By Marci Evans, MS, CEDRD, cPT
The Need for Well-Trained Clinicians
Binge eating disorder (BED) may seem new since it was just added to the official list of mental health diagnoses. But the truth is that using food to manage difficult internal experiences and emotions has been around a long time! While it’s official status is “young” in the eating disorder (ED) world, well-trained clinicians are desperately needed! The problem being that many clinicians haven’t been properly trained on how to treat BED, which is distinctly different than treating weight. Often, clinicians conflate the two and unintentionally create a whole host of problems!
While the ED field has a long way to go in developing substantive research to guide our treatment protocols for BED, we must borrow from related fields of research to guide our way.
The first area of research ED clinicians need to become familiar with is weight stigma. Similar to other oppressive forces in our culture, weight stigma infiltrates all of our lives in sneaky and insidious ways. And sadly, even ED clinicians are top offenders when it comes to bias and stigma relating to weight.
What is Weight Stigma?
Check out this succinct PDF on weight stigma developed by BEDA. In short, weight stigma is negative judgment, bias, assumptions, attitudes, and treatment based on a person’s size. Most importantly, when a person experiences weight stigma it makes them vulnerable for WORSE health outcomes. This means that when people are stigmatized they are less likely to get proper care and are less likely to improve in any health parameters. This is why a weight neutral approach to improving health of people suffering with BED.
Why A Weight Neutral Approach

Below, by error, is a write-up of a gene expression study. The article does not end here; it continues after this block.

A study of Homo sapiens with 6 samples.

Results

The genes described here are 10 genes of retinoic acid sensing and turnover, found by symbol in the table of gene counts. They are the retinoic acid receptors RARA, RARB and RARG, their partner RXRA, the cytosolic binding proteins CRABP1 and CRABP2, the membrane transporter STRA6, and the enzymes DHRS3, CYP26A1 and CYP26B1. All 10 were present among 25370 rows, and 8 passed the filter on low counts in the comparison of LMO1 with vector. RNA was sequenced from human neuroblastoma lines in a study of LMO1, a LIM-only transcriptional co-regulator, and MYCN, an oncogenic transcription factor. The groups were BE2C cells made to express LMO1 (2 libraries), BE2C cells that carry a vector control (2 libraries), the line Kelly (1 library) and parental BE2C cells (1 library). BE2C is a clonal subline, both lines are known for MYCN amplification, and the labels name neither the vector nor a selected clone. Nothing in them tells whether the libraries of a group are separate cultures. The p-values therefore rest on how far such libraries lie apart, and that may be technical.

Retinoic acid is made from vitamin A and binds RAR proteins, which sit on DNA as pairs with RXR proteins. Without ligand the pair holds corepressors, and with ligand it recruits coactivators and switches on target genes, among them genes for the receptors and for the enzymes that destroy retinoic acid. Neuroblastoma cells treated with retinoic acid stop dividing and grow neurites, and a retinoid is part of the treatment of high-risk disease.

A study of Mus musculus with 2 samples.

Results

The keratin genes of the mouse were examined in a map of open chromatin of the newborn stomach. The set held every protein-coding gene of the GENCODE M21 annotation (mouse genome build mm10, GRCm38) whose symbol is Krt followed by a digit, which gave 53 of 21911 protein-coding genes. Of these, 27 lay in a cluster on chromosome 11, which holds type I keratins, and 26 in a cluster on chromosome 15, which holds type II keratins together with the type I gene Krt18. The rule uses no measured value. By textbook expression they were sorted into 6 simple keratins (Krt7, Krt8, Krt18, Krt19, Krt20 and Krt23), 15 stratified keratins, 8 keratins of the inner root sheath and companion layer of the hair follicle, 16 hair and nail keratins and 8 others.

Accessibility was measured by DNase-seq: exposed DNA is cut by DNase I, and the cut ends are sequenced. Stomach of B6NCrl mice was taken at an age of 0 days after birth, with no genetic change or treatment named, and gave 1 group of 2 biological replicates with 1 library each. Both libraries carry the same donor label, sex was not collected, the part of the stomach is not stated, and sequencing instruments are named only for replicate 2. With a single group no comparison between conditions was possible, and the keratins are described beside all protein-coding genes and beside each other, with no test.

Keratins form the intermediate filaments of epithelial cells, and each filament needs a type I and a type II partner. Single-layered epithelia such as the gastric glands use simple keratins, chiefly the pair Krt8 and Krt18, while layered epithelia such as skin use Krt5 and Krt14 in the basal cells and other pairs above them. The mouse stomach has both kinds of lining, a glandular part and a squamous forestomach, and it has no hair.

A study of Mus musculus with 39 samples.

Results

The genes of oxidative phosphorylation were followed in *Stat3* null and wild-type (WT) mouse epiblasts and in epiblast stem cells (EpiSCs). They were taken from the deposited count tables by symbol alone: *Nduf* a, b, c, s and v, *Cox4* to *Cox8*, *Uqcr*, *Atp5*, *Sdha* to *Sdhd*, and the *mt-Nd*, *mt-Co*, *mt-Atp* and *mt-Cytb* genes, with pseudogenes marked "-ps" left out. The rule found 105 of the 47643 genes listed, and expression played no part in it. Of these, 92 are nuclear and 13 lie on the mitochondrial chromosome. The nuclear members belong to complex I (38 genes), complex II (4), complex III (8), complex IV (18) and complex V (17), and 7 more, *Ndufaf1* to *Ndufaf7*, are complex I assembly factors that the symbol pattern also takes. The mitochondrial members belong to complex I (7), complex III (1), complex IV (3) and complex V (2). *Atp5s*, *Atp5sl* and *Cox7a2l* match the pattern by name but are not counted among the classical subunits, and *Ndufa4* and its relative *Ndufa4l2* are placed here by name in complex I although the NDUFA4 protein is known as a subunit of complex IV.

A weight neutral approach makes no assumptions about a person’s health or habits based on appearance. And it deems every individual deserving of health enhancing interventions regardless of whether it produces a change on the scale. Two important philosophies, Health at Every Size (HAES) and Intuitive Eating (IE), provide the scaffolding and guidance for clinicians to generate interventions that will improve the health of clients without interjecting harmful weight stigma. Integrating these philosophies into the backbone of BED treatment is critical to helping without harming.
Seeking Additional Treatment
It is imperative that ED clinicians seek additional training in weight stigma, HAES, and IE. I have developed an online training for ED clinicians that is focused on how to provide nutrition specific counseling that is HAES informed, weight neutral, and grounded in research. I developed it because I am passionate about reducing weight stigma and improving treatment for people with EDs. There are relatively few resources for clinicians so I created a training that is affordable and accessible from your own home. If you are interested you can learn more about it on my website.
Additionally, here are some other resources I recommend:
- Become a Certified Intuitive Eating Counselor
- Attend the BEDA Conference; Attend The Association for Size Diversity Conference
- Familiarize yourself with weight stigma research
Let’s elevate the field of ED treatment and provide our clients with BED with the best possible care.
Marci Evans, MS, CEDRD, cPT manages a group practice in Cambridge, Mass. that specializes in treating eating disorders and body image concerns. Connect with her via social media on her blog, Facebook and Twitter.